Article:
Delaware and the Surging Sea
Description: A vulnerability assessment with projections for sea level rise and coastal flood risk.
Date: September 2014
Under a low-range sea level rise scenario, Delaware is likely to see record-breaking coastal floods within the next 20 years, and near certain to see floods more than 5 feet above the high tide line by 2100. Under a rapid rise scenario, the state is near certain to see floods above 9 feet by end of century.
62,000 acres of land lie less than 5 feet above the high tide line in Delaware. Some $1.1 billion in property value, and 20,000 homes, sit on this area. These figures jump to more than $2 billion and nearly 40,000 homes on 104,000 acres of land under 9 feet.
More than 19,000 people are residents in the homes below 5 feet, and more than 41,000 are residents below 9 feet. Greater than half of each group are in high social vulnerability areas – more than two-and-a-half times the expected proportion based on statewide vulnerability patterns – meaning that those with the least ability to cope with coastal flooding will be disproportionately exposed to it.
The state has 428 miles of road below 5 feet; 9 houses of worship; 2 power plants; and 87 EPA-listed sites, such as hazardous waste dumps and sewage plants. At 9 feet, these numbers grow to 782 miles of road; 36 houses of worship; 4 power plants; and 135 EPA-listed sites.
Sea levels are rising at an accelerating rate, and the scientific community is confident that global warming is the most important cause. Higher sea levels translate to more and higher coastal floods. To forecast future risk, this analysis integrates historic local sea level trends and flood statistics with global sea level rise scenarios, developed by a multi-agency federal task force led by NOAA in support of the recent U.S. National Climate Assessment.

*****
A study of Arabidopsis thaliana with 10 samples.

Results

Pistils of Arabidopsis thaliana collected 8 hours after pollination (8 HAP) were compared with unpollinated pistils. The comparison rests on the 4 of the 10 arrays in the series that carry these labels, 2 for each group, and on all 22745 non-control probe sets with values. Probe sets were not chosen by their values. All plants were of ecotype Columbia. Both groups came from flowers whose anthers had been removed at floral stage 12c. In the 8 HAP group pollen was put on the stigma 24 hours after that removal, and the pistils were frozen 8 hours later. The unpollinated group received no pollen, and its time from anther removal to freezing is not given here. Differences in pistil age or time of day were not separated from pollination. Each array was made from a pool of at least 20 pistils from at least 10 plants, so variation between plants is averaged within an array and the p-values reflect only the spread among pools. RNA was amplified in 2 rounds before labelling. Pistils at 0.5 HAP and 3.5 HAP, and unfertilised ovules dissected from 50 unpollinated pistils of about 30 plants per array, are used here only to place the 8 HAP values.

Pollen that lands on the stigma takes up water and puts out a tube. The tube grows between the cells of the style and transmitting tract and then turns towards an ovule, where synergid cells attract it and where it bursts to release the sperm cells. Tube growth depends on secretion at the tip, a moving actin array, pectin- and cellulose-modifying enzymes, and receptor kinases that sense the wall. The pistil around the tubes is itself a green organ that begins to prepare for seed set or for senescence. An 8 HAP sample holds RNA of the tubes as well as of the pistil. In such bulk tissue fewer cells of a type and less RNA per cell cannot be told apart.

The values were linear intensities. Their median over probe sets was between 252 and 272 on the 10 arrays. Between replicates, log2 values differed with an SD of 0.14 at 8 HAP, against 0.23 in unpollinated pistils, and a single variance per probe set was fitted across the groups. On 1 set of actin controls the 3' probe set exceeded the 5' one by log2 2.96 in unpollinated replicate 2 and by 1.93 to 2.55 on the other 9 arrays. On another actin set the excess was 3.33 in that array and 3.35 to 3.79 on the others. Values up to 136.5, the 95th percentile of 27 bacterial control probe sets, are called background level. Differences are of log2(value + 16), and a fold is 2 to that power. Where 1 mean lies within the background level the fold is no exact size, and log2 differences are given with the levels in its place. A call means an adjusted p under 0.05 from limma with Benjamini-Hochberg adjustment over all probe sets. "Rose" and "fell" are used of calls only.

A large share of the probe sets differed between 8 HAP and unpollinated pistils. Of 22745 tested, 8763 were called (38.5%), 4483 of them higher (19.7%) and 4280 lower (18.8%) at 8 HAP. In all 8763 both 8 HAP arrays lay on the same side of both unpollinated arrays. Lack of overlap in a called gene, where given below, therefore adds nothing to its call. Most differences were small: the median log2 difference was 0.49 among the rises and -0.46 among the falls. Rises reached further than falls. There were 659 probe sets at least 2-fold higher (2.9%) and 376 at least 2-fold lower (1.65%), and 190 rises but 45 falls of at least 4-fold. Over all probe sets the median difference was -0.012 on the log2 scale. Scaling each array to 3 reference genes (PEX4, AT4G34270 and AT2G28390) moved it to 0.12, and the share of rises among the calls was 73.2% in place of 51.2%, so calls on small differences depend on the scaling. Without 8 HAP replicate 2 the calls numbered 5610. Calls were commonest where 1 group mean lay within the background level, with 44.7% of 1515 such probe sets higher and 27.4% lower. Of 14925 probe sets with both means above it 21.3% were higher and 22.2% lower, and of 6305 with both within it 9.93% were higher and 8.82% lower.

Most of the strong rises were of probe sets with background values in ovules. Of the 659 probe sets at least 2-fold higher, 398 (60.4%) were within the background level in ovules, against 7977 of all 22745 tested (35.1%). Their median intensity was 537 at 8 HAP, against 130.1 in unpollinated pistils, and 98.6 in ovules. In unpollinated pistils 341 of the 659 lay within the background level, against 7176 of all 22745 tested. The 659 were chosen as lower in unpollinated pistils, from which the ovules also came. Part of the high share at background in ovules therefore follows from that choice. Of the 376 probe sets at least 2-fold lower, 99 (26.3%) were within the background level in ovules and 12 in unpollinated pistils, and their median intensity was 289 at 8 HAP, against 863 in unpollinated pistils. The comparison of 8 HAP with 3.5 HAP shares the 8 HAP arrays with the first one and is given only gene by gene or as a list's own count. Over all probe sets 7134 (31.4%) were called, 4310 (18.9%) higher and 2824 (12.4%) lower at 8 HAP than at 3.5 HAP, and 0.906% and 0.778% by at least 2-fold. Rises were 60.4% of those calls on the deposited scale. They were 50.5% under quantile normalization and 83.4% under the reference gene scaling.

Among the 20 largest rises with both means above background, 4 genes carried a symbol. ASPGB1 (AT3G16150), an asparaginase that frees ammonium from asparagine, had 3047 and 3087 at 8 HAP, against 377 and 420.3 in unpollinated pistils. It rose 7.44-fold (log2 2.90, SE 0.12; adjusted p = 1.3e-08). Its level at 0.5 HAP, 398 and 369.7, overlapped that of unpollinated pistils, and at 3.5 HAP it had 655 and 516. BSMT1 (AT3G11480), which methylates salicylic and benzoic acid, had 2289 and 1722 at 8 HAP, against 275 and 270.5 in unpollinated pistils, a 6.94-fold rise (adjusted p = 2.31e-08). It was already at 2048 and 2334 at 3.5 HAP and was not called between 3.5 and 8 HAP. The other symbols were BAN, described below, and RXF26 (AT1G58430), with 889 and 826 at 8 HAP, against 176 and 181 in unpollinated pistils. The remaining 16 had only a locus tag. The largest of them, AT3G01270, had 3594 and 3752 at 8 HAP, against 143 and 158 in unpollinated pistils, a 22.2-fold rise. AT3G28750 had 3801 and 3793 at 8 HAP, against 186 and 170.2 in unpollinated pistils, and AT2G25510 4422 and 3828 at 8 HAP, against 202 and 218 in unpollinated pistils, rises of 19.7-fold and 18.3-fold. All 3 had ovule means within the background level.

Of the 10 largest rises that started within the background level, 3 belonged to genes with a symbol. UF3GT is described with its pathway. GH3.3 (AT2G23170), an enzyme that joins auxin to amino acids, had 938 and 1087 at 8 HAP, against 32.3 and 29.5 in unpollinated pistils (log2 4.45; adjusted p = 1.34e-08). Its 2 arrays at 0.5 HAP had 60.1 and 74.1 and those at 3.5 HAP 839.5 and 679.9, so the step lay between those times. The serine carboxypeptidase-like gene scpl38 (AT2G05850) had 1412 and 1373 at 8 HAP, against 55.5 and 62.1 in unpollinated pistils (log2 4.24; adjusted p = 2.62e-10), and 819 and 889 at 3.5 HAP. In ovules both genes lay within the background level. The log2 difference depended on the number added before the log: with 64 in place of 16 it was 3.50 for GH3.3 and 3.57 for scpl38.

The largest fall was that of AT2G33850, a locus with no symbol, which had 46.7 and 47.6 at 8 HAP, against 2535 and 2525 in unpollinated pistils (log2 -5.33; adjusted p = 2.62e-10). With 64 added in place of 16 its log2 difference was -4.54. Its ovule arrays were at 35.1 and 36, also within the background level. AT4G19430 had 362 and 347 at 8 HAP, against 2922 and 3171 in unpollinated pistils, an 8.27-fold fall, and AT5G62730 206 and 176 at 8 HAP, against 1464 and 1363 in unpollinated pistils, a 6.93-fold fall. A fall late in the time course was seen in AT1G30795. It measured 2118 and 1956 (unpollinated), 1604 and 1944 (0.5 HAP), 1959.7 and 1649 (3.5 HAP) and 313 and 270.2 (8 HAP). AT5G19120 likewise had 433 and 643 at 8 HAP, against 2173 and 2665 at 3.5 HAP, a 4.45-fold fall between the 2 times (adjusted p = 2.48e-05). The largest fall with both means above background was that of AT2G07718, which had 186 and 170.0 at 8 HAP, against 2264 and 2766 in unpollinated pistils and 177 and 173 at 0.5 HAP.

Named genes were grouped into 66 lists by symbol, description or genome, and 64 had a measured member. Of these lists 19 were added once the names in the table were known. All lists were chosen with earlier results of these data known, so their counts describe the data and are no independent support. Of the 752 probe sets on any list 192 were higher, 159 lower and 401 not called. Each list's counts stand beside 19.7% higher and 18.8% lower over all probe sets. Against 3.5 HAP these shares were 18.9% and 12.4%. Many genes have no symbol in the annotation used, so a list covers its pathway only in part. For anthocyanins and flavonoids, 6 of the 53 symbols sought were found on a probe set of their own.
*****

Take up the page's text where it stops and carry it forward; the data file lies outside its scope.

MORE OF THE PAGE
This report is being released as a high-level summary of findings and methods, coincident with the online launch of a Surging Seas Risk Finder tool for the state, providing much more detailed and localized findings, and accessible via http://sealevel.climatecentral.org/ssrf/delaware.
The tool includes:
Interactive local projections of sea level rise and increasing coastal flood risk from 1-10 feet by decade;
A zooming, zip-searchable map of low-lying areas threatened, plus layers showing social vulnerability, population density and property value;
Detailed assessments of populations, property, infrastructure and contamination sources exposed, for each implicated county, city, town, zip code, planning district, legislative district and more;
State- and county-wide heat maps facilitating high-level vulnerability comparisons; and
- Brief customized “fast look” reports that integrate key findings from across all analyses for each locality, and provide interpretation and context.
Detailed knowledge of vulnerability is a critical tool for communities seeking to build resiliency to the climate challenges of today and the future.